Fear has always been the evolutionary factor that has helped humans stay safe. In today’s world, however, fear responses or phobias are more a hindrance than help. To overcome these phobias, accumulating scientific evidence shows that ‘mindfulness’ practice could help in unlearning the fear response.
A new study from researchers at the University of Southern Denmark, Uppsala University, Lund University, Peking University and Icahn School of Medicine at Mount Sinai, shows that mindfulness training facilitates extinction of conditioned fear reactions, producing lasting reductions in threat-related arousal responses.
The purpose of mindfulness is to help an individual focus on stimuli occurring in the present moment rather than the fear response. It is commonly believed that mindfulness can help people feel calmer, more serene and more motivated in their day-to-day lives. The findings of an increasing number of studies are now backing up that evidence, indicating that mindfulness practice can bring real benefits for physical and, especially, mental health.
This new study, published in Nature Scientific Reports, has suggested that if you start practising mindfulness, you will find it easier to unlearn your phobias and remain fear-free.
For the study, researchers recruited 26 healthy people and divided them randomly into two t groups. Participants from one group underwent a daily mindfulness session for four weeks through a popular app, while the other received no such session. After four weeks, all the participants had to undergo an experiment related to the fear response for a couple of days.
Initially, the participants learned a fear response by watching a slideshow of images. When a particular image came up on the screen, they also received mild electric shocks, to reinforce an association of unpleasant shocks with the images. Therefore, whenever a particular image came up, participants would experience increased sweating, a mark of the ‘fight or flight’ response.
Once this association was created among the participants, the researchers then proceeded to eliminate this reaction. They achieved this by repeatedly showing the participants the same set of images; but, this time, without delivering any electric shocks. They wanted to find out in which of the participants, if any, the unlearning of the fear response would stick, since fearful associations, typically, tend to return very quickly.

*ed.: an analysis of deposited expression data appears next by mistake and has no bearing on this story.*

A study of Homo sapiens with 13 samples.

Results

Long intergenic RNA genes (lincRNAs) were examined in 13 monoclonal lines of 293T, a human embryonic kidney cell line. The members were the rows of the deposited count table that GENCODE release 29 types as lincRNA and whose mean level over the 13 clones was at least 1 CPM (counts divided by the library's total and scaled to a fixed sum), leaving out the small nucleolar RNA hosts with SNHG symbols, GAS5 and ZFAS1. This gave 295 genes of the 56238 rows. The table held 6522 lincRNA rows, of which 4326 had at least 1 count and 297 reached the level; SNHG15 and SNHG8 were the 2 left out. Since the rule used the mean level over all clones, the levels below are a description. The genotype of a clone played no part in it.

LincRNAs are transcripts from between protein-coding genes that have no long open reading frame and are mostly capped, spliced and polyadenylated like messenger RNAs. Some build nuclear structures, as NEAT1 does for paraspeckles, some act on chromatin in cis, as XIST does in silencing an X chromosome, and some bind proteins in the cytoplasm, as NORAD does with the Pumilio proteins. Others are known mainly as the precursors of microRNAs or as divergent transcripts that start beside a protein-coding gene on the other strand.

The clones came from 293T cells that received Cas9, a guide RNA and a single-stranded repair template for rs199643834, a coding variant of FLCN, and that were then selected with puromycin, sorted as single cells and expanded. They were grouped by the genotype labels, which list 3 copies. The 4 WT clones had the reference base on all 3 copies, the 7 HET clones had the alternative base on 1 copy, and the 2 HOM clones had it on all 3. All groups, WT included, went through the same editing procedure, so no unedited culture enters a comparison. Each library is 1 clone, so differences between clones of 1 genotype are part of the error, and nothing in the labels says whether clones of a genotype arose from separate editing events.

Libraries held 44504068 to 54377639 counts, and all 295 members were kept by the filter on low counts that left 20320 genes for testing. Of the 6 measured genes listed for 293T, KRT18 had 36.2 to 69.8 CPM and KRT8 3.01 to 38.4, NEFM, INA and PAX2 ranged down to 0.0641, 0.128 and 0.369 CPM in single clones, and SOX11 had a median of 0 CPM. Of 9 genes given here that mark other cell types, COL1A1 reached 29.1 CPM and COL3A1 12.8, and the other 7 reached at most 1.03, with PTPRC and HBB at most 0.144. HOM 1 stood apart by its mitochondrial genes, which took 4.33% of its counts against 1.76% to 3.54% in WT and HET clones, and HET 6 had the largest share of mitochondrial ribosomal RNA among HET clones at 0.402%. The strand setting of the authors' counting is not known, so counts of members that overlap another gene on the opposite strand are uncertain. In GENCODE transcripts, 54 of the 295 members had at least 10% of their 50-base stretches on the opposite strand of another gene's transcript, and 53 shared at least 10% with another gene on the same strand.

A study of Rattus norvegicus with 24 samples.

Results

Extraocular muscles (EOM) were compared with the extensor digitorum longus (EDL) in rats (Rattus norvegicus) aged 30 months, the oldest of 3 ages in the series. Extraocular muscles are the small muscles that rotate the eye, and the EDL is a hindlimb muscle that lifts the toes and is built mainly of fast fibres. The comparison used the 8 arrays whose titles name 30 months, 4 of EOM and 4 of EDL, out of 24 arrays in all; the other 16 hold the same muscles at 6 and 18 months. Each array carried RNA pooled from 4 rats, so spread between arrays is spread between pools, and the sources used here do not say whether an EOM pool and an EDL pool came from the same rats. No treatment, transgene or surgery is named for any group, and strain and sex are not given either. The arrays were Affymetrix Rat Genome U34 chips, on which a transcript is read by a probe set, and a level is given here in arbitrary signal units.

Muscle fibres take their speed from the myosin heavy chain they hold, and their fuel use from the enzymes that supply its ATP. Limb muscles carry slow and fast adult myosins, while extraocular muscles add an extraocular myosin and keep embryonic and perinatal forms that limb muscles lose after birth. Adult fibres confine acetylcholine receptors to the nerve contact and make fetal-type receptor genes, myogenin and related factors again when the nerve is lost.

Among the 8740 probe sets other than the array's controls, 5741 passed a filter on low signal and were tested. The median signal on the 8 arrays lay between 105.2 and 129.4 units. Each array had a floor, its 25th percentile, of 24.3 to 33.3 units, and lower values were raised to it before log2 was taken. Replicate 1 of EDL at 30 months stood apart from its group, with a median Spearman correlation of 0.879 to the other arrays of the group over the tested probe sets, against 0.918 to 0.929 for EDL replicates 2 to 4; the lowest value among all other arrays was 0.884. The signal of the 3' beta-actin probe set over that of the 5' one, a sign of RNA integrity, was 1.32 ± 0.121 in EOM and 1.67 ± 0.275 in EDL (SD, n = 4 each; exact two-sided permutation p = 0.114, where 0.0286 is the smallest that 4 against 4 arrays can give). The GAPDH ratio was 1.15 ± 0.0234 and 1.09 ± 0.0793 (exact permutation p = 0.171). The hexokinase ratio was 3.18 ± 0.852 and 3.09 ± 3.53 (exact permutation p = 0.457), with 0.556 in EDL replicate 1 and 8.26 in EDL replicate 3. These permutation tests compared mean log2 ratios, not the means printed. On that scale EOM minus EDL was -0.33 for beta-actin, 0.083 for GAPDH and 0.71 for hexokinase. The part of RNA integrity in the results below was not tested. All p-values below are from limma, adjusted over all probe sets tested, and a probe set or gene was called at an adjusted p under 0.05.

On a subsequent day, the investigators displayed the same slideshow of images to all the participants while having them hooked up to the device that they used to deliver shocks. But, this time, they did not deliver any shocks.
Results indicated that the participants, who had received mindfulness training earlier, did not experience a fear reaction when they viewed a photo with which they had earlier formed an unpleasant association. However, in the other group of participants, who had not received the same mindfulness training, the fear response made a comeback, as demonstrated by skin conductance measurements that assessed physiological markers of a psychological arousal.
“We can show that mindfulness does not only have an effect on subjective experiences of negative emotions, as has been shown previously, but that you can actual see clear effects on autonomic arousal responses, even with a limited amount of training,” explained Dr Johannes Björkstrand, lead author on the study.
Dr Björkstrand believes that adding mindfulness therapy to exposure therapy, which is typically used to help other overcome phobias, could boost its effectiveness.
“Our results suggest that, if you combine mindfulness training with exposure therapy, maybe you can achieve larger and longer lasting treatment effects. In this way, you could get at an underlying vulnerability factor and more people would respond to these treatments,” he explained. However, studies in clinical populations and actual treatment studies are needed before drawing any firm conclusions in this matter.
The researchers now want to move forward and investigate the underlying neurobiological mechanisms that are involved. “We are currently repeating the experiment with twice the number of participants, and the whole thing is carried out inside an fMRI (functional magnetic resonance imaging) scanner equipped with an extra strong electro-magnetic field so that we can measure their brain activity to a high degree of precision throughout all parts of the experiment,” said Prof Ulrich Krik, co-author of the study.
“We hope to show that the effect is robust and that we can replicate the current findings, and also say what processes in the brain are involved in producing these effects,” he added.